What's Up With That?

Posted: Thursday, April 18, 2002

Q: What's with the "No Parking" signs around town, particularly the ones around the Governor's Mansion? Every day and night there are cars and trucks all the way around it just about. I see the parking attendant going around town, but it goes unnoticed there.

A: "We do issue citations," said Capt. Tom Porter of the Juneau Police Department. "But those streets (around the mansion) are very narrow and it's hard to get around. We have one community service officer whose responsibility it is to enforce parking regulations, and he has a large area to cover. It's possible that someone occasionally might escape a ticket because we have only the one."

Q: What is the population breakdown for the different areas of Juneau, i.e., Douglas, West Juneau, North Douglas, downtown, Mendenhall Valley, etc.?

A: An answer to your question was supplied by Kathleen Bailey, a database specialist with the city's Community Development Department. The following is not federal census data, Bailey emphasized, but "in-house population estimates."

As of 2001, the population of Douglas is estimated at 2,115. The population of West Juneau is 1,583. North Douglas, 1,596. Thane, 172. Downtown Juneau, 3,707. Glacier Highway from Norway Point to Fred Meyer, 4,812. East Mendenhall Valley, 12,122. West Mendenhall Valley/Mendenhall Peninsula/Auke Bay, 3,430. Glacier Highway from Waydelich Creek to the end of the road, 1,318. Shelter Island and South Douglas, 47. That makes for a total of 30,903.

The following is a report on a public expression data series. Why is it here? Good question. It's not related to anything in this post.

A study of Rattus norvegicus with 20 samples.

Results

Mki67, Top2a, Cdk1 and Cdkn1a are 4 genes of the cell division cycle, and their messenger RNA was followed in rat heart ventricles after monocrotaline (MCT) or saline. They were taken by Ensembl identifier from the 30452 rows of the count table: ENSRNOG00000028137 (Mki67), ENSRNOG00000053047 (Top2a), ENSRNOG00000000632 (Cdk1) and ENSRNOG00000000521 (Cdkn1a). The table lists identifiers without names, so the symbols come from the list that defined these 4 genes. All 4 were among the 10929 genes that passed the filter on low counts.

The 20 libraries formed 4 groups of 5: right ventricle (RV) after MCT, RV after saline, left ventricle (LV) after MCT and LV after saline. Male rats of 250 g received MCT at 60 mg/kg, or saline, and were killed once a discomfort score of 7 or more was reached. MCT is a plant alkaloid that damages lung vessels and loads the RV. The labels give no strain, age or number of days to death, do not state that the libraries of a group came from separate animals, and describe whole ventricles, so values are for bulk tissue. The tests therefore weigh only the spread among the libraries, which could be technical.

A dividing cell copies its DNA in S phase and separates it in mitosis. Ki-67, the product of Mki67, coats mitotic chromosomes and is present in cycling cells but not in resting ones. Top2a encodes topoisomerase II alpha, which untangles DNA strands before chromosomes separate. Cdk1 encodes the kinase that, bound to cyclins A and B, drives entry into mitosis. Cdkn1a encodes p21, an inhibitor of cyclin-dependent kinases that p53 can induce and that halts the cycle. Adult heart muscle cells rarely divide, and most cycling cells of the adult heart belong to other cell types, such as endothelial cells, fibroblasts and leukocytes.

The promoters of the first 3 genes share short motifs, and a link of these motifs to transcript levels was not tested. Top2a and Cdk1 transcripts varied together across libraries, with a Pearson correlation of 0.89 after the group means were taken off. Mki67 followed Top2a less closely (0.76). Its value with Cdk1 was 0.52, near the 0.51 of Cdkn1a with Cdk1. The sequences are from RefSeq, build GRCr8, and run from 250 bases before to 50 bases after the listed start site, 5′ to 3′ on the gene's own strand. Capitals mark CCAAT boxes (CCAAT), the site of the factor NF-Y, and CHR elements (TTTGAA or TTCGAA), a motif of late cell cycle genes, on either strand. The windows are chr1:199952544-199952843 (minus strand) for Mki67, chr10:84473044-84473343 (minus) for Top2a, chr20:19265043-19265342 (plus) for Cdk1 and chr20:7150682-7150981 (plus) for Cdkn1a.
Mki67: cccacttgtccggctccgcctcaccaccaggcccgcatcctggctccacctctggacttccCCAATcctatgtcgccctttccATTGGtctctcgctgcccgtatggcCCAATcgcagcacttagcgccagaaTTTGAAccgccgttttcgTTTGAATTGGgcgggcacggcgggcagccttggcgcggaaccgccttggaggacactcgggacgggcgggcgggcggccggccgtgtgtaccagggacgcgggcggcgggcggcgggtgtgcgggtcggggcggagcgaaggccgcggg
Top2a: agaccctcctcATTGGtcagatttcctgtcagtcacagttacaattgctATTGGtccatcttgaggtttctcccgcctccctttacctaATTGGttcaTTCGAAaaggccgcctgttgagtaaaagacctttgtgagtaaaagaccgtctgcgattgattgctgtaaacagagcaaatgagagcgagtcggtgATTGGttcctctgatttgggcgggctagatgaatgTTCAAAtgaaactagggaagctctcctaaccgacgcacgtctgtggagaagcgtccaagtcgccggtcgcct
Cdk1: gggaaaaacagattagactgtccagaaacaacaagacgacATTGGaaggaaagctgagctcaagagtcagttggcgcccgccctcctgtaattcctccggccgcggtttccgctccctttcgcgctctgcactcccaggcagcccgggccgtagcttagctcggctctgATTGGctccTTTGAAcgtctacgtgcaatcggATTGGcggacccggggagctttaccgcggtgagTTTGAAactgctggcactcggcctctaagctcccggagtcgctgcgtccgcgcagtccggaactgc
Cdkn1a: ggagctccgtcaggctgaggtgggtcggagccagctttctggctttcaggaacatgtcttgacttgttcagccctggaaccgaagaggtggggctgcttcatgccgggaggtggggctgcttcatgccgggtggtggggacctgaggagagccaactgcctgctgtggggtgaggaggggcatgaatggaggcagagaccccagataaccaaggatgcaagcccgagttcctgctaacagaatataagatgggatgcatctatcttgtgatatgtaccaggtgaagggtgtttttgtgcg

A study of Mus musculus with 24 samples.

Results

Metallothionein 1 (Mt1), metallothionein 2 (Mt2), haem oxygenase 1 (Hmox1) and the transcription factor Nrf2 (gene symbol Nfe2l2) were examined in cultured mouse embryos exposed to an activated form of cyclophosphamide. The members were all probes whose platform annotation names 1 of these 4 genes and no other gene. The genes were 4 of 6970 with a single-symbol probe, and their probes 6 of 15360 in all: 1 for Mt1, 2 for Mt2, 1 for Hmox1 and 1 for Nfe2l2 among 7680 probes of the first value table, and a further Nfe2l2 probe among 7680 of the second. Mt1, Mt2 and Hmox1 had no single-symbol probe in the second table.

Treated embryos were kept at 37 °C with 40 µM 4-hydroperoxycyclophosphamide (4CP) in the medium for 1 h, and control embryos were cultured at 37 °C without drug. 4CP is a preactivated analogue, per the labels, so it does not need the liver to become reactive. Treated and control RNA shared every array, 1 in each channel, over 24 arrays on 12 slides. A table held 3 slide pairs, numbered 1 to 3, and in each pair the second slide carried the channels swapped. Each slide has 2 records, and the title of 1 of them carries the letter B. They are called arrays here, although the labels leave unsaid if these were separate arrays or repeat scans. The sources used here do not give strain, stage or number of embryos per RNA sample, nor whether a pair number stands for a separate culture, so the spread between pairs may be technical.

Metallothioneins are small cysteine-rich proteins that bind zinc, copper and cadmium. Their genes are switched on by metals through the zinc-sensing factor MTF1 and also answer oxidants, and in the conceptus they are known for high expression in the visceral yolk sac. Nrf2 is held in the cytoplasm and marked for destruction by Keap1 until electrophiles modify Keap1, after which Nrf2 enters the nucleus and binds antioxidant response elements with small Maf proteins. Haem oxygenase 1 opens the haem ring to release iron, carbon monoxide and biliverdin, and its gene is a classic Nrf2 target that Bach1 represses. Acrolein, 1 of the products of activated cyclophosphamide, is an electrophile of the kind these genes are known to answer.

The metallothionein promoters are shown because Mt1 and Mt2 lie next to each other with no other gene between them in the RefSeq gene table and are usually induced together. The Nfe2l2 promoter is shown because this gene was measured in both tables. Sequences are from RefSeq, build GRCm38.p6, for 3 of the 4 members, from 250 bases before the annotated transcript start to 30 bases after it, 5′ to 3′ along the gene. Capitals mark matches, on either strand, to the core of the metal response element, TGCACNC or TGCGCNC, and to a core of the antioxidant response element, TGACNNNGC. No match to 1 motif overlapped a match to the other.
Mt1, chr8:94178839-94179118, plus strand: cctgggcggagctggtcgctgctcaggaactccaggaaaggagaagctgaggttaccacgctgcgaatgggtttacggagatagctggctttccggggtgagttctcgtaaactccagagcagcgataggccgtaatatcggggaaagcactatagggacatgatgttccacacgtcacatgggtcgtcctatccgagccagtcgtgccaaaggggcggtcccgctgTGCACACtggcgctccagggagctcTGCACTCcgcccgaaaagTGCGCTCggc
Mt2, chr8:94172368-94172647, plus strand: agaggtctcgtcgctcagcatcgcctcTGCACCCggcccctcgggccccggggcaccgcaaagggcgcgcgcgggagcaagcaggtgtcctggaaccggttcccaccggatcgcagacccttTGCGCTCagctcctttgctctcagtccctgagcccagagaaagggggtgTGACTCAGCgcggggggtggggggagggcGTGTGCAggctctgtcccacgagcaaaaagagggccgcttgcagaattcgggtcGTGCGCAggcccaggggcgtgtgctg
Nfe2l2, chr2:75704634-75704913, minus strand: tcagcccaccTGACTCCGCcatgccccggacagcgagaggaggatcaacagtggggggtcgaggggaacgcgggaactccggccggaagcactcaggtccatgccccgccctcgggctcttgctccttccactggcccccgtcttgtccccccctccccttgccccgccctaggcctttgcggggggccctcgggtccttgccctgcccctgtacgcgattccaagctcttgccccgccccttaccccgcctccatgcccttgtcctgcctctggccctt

Of that total, by the way, 129 live on boats and 33 in recreational vehicles. The estimate counts only 5,323 single-family homes in Juneau. The average number of persons per household is 2.49.

Q: What's up with the boats/truck campers and garbage that's being dumped on the beach at the base of the hill on Thane Road? Who is responsible for enforcing illegal dumping there, and who is responsible for cleaning up after these slobs?

A: It's always hard to get slobs to recognize they are slobs - or to care enough to do something about it.

You'll be relieved to hear that harbormaster Chuck Westcott called to say he had (a) cleaned up the "My Fair Lady" that was sunk near the Yacht Club, and, (b) on April 4, was cleaning up the boats and other unsightly debris in the water off Thane.

"I have worked with the fire department and the Department of Environmental Conservation," Westcott said. "And when we get done, we're going to have a hot dog roast."

Q: What is the material in the swing area at Twin Lakes? It resembles bark, but it's rubbery. Who maintains that park? I am wondering how the material used there compares to other materials in terms of cost and effectiveness.

A: The material is called Rainbow Turf, said parks and landscape supervisor Bob Grochow. It's a stringy rubber product that stays loose and provides a good cushion for falls. The sand or pea gravel used previously needed a weekly rototilling to stay soft, Grochow said, so he thinks that, in the long run, Rainbow Turf will be cost effective.

"It's fairly expensive but we felt it was worth it given the safety ratings and the low maintenance," Grochow said.